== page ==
Q. We are pouring a foundation for a full-basement addition in an area with a high seasonal water table. What is the best way to detail the joint between an existing foundation and the new foundation to prevent water from leaking in?

A.Carl Hagstrom responds: There are plenty of ways to detail such a joint. I recommend using a backer rod and urethane caulk. If possible, it’s best to apply this after the concrete has had about six months to cure and shrink back. But this is just a band-aid, not a lasting solution to the problem. You have to deal with draining the water first. Then you can worry about sealing the joint to keep out radon gas, if necessary.

Here in northeastern Pennsylvania we have high seasonal water tables, so on all foundations we pour, we have to use an interior perimeter drain to deal with the water. Most builders think in terms of an exterior drain. But if you have a high water table, the water will rise inside the foundation. Unless you have an interior drain, the footings essentially act like a dam, preventing the water from reaching the exterior drain and forcing it to rise through the slab.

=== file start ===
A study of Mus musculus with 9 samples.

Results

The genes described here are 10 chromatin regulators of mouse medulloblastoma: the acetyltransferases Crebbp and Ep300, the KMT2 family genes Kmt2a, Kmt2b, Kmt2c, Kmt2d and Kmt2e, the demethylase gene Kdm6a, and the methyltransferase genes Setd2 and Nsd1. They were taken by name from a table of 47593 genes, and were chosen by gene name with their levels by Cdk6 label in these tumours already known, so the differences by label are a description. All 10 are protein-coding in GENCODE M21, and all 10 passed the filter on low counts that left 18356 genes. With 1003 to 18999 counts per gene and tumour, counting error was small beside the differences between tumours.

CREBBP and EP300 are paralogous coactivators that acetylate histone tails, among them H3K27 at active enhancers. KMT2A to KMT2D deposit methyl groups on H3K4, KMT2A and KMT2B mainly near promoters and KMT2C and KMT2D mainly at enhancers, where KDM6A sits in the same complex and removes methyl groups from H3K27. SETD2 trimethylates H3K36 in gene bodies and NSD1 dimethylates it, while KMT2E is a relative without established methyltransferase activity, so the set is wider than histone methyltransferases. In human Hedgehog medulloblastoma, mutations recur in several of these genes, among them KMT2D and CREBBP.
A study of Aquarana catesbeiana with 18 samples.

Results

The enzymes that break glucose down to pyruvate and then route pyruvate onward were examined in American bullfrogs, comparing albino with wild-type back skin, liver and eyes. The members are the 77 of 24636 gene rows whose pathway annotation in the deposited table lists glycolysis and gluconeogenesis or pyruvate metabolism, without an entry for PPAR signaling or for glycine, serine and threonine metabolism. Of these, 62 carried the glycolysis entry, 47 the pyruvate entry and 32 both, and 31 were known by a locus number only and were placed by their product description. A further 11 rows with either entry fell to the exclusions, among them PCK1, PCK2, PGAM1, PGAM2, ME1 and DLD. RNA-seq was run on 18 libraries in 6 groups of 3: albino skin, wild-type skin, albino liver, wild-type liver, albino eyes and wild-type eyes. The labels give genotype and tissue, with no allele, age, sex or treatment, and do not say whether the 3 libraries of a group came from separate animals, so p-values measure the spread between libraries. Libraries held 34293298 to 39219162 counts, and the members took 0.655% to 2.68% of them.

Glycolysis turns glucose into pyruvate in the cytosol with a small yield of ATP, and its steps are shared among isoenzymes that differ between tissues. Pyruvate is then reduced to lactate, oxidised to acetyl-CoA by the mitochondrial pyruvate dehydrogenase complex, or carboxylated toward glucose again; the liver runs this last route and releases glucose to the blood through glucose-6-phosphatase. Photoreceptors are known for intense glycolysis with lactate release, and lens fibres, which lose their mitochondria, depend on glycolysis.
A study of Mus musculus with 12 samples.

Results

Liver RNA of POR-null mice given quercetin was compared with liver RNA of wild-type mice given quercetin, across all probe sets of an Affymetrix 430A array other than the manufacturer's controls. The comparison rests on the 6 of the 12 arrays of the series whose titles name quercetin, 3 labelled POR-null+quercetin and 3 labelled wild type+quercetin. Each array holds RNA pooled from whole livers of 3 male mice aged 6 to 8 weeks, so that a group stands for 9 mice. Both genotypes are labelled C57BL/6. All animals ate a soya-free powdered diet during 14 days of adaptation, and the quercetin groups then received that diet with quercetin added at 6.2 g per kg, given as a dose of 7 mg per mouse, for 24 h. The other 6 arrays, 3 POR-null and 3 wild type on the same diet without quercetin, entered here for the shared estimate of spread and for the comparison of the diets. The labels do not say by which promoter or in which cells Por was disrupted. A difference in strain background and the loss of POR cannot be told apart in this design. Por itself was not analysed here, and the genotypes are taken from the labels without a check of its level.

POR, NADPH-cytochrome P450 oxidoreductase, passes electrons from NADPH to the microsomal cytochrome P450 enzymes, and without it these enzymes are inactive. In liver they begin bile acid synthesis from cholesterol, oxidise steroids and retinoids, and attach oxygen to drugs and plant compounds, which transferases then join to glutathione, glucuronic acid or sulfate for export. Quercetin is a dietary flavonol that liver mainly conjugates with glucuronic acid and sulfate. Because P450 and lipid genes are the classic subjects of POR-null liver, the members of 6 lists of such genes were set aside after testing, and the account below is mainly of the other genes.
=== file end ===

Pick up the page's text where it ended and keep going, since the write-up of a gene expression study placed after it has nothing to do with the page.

We typically form and pour our footings and lay drain line around the inside and outside perimeters (see illustration, below). The drains must run to daylight or to a sump pump connected to a storm drain.

Apply a standard asphalt-based foundation coating to the exterior of the foundation, then backfill with plenty of gravel. Water is predictable stuff. It will take the path of least resistance and usually goes just one way — down. This means if you backfill the outside of the foundation with enough gravel and provide a daylight drain, the water shouldn’t rise along the foundation wall and won’t have enough pressure to leak in through the joint.

Carl Hagstrom, a mason and builder for 20 years, owns Hagstrom Contracting in Montrose, Pa.